Cast: Sushant Singh Rajput, Parineeti Chopra, Vaani Kapoor, Rishi Kapoor
Direction: Maneesh Sharma
Big fat Indian weddings make for a colourful backdrop and Bollywood loves using it to render its many love stories. Maneesh Sharma uses the same flashy canvas to mock the vibrant façade it manages to create.
Modern relationships are caught in transition - some are being redefined, traditional mindsets are being challenged, the man-woman equation has many new aspects to it. Societal pressure sometimes try to thwart this change, the expectation that everyone has to be happily married by a certain age puts immense pressure on individuals and their families and Indian weddings are sometimes used to veil the changing dynamics of relationships.
Maneesh Sharma tries to address the various nuances of love and commitment. He does raise some valid points but his treatment remains superfluous at best. It’s as if the filmmakers were scared to take a strong stand, afraid that it will ruffle the feathers of the gatekeepers of our conscientious Indian society and they would bar their young children from watching this movie. A section of the society is bound to feel that a film that makes no bones about pre-marital sex and live-in relationship is bound to have an adverse effect on the impressionable youth of this country. We did much rather live in denial than accept the very apparent changes.
‘Shuddh Desi Romance’ gives us some memorable characters and they remain with us long after we have walked out of the theatre.
Raghu (Sushant Singh Rajput) is quick to run away from his wedding, quick to fall in love soon after and quick to even recover from a heartbreak. We know so many men like that – confused, impulsive and irresponsible. Is his character flawed? Not really, merely unsure of what he really wants from life.
Raghu Ram follows his heart but when he realizes that it has misled him, he is ready to listen to his head instead and set right the mistake he made before. If the heart was wrong then the head has got to be right. A lot of modern marriages thus, end up being a decision of mind over heart.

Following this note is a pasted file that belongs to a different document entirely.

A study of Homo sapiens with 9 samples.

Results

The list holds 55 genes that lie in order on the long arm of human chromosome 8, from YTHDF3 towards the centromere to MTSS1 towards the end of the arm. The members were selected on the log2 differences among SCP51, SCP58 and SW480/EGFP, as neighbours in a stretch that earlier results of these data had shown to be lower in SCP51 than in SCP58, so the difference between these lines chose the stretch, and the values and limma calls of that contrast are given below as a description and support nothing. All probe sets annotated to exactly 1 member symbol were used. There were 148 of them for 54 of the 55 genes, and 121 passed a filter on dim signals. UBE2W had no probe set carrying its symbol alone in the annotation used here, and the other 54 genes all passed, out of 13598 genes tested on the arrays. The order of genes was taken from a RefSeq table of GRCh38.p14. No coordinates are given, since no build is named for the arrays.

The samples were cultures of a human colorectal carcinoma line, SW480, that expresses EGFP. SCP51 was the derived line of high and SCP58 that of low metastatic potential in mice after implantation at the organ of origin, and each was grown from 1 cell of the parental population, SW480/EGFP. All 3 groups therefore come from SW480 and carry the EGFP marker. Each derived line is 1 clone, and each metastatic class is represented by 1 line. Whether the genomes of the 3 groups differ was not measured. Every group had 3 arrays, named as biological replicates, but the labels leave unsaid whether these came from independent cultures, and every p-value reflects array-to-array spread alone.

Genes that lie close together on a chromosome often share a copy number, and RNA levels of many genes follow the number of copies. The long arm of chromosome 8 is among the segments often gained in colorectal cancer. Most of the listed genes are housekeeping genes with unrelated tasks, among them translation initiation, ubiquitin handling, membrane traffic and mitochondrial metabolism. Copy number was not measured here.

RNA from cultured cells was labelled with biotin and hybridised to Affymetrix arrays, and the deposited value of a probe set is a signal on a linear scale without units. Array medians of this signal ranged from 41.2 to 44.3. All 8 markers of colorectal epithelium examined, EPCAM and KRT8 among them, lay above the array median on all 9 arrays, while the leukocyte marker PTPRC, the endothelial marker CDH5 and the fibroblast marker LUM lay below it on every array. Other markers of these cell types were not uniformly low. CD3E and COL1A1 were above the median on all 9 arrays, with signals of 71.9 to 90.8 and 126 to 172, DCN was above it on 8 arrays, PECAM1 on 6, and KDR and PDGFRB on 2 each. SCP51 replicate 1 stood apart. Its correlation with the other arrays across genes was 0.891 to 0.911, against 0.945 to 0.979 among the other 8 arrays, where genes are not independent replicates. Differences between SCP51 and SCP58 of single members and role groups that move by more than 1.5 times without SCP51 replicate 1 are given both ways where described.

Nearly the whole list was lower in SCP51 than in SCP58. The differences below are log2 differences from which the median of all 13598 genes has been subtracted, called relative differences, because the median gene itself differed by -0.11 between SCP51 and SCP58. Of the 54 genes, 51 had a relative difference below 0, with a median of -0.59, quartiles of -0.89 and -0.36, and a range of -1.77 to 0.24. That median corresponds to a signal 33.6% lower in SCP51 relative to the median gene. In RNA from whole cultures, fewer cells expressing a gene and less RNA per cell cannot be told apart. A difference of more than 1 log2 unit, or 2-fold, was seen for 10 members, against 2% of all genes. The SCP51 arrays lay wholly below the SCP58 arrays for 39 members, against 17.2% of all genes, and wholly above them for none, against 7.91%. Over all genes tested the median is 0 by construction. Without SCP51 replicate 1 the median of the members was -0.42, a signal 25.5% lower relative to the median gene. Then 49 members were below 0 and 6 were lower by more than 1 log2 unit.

Sushant’s character is the anti-thesis of the one he played in ‘Kai Po Che’. Raghu (Sushant) has no focus, he is charming and yet, annoying because he has no real personality.
Gayatri (Parineeti Chopra) is the cool babe; she smokes, is unabashed about her previous boyfriends and makes no big deal about her live-in partner. And yet, that’s only a front; she is as insecure in her relationship, as any other person. She is scared that the person she loves will judge her by her past. And she did rather run away from impending heartbreak than appear vulnerable.
Tara (Vaani Kapoor) is immensely likeable and creates quite an impression in her debut film. There is no high drama/melodrama accompanying her emotional trajectory. I especially love the look of pure pleasure on her face when she explains how revenge is immensely gratifying for the ego. She also makes a valid point – when you are flirting with someone who had previously dumped you, you are never sure whether you are enjoying the revenge more or whether you are actually slipping away again.
The thing is, the film forays into an unexplored grey area in most romantic relationships but it doesn’t really delve deeper. The protagonists never seem completely convinced about their feelings and may be that was intentional. How sure are we really of our emotions in a relationship? They tend to change over time. But then are modern relationships bereft of any kind of responsibility? Surely there has to be some accountability somewhere.
Also, there was much talk about the 27 kisses in the film but honestly, there wasn’t the chemical spark that you would expect from such a bold, young love story.